The Commerce Department determined ZTE, which was previously fined for shipping telecommunication equipment to Iran and North Korea, subsequently paid full bonuses to employees who engaged in the illegal conduct, failed to issue letters of reprimand and lied about the practices to US authorities, the department said. Under the terms of its guilty plea, ZTE paid $890 million in fines, and agreed to fire some senior staff, and strip bonuses from 35 others.
According to the Ross, Jr., the order is being issued in response to ZTE illegally sending telecommunications equipment to North Korea and Iran.
"We're deeply concerned about the risks of allowing any company or entity that is beholden to foreign governments that don't share our values to gain positions of power inside our telecommunications networks", FBI Director Christopher Wray said at the time.
Aside from illicit distribution of American resources, the U.S.is also accusing ZTE of lying to officials, "and obstructing justice including through preventing disclosure to and affirmatively misleading the U.S. Government".
Acacia, Oclaro and other optical device makers took a hit after the commerce department issued new sanctions on ZTE.
ZTE had planned to introduce a 5G smartphone in about a year, with possibilities for a 5G table or wireless-internet hub, Cheng Lixin, ZTE's United States chief, said at the CES trade show in Las Vegas in January.
In response to eWEEK's request for comment on the Commerce Department's action, ZTE's US -based public relations agency said it hadn't received any comment from the company to share with news media.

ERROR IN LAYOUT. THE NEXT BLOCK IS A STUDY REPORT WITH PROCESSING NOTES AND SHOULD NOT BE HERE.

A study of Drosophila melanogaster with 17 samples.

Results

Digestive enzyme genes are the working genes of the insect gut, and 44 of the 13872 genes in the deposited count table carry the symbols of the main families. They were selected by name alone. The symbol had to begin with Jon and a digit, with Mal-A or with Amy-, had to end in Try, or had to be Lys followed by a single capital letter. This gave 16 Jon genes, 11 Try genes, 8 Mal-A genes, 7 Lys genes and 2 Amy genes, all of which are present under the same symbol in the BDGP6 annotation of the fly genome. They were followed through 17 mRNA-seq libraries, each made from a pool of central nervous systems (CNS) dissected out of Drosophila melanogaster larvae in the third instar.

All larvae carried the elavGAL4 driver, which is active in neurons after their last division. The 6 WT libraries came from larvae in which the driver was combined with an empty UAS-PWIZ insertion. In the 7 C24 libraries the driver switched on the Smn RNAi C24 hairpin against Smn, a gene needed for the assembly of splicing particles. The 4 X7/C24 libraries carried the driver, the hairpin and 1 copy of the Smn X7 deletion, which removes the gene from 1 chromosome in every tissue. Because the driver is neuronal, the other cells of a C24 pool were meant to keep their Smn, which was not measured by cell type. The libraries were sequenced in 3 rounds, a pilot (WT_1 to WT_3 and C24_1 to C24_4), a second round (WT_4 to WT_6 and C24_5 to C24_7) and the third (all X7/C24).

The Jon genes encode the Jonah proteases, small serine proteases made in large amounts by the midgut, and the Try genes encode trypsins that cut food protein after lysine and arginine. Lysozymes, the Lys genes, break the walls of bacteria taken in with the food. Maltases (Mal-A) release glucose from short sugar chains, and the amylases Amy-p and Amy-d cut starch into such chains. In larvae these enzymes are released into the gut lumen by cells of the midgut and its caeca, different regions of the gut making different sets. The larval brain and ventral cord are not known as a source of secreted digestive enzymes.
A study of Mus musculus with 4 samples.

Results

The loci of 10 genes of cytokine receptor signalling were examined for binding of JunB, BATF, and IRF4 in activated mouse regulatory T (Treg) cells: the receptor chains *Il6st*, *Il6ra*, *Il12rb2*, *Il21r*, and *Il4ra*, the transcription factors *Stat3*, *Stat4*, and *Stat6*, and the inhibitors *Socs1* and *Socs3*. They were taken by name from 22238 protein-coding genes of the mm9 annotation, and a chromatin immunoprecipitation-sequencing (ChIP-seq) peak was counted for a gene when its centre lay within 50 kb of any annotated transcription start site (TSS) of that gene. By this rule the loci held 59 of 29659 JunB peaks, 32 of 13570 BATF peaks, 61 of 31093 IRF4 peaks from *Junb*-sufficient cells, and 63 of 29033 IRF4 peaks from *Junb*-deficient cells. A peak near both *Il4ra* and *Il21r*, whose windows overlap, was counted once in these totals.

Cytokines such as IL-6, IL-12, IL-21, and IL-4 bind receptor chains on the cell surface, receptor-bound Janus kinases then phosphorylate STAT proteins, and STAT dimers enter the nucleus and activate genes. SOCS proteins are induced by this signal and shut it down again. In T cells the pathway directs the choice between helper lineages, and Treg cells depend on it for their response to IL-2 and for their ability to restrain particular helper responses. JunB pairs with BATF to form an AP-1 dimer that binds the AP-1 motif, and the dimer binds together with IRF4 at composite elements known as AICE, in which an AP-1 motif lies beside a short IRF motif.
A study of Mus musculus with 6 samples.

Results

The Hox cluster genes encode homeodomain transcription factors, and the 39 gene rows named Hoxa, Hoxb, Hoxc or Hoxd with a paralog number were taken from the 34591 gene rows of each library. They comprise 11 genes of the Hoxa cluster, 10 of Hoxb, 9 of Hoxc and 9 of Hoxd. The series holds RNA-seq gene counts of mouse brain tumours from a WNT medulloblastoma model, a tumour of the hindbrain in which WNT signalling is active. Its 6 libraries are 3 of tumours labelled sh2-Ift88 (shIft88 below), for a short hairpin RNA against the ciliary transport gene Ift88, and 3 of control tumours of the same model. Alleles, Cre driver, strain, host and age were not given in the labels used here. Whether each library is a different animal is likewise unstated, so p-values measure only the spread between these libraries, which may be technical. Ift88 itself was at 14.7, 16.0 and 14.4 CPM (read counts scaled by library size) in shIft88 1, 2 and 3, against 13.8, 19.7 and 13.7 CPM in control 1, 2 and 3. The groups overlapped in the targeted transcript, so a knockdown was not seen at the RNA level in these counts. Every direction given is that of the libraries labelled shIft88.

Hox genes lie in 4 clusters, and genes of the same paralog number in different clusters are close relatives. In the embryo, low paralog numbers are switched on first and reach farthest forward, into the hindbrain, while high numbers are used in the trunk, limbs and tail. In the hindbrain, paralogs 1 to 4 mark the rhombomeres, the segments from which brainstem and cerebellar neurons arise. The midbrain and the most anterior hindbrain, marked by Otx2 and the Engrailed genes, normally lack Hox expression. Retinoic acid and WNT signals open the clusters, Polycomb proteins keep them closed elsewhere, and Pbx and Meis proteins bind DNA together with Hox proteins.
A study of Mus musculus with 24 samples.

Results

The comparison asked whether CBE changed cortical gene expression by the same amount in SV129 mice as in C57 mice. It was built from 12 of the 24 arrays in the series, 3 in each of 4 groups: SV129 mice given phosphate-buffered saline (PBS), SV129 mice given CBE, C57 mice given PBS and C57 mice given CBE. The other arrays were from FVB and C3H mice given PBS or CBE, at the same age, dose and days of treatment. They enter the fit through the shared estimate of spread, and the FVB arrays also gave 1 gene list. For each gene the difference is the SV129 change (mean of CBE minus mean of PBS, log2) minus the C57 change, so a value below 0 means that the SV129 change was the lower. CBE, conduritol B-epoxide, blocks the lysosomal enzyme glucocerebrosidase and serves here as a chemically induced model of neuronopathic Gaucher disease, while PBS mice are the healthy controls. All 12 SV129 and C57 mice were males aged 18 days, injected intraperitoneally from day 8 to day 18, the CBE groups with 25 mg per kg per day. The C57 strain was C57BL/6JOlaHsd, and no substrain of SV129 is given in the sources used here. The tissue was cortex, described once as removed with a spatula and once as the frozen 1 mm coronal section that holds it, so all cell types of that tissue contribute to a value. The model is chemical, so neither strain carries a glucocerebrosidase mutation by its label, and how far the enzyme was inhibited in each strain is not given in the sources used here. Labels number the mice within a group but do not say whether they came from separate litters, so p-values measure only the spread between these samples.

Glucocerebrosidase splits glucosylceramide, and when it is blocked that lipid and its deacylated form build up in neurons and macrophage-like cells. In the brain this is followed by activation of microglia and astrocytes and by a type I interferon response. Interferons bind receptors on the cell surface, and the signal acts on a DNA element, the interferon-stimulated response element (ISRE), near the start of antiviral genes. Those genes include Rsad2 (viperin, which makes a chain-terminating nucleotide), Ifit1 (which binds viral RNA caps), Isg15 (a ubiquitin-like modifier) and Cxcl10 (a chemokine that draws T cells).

The agreement that was violated stemmed from ZTE's attempt at conspiring to illegally ship U.S. goods to Iran a few years back, which it had already paid heavy fines from. The majority of the ZTE smartphones in the U.S. are sold by the carriers. "At present, the company is assessing the full range of potential implications that this event has on the company and is communicating with relevant parties proactively in order to respond accordingly", ZTE said in a statement on Tuesday morning, declining to comment beyond the statement.
If you've ordered one, you might want to think again, because the National Cyber Security Centre (NCSC) claims the company poses a rick to the UK's national security. The company can resume purchasing these components from the USA after seven years.
In a letter seen by the Financial Times, Ian Levy, technical director at the NCSC, wrote to United Kingdom telcos, ZTE and Ofcom warning "the use of ZTE equipment or services within existing telecommunications infrastructure would present risk to United Kingdom national security that could not be mitigated effectively or practicably".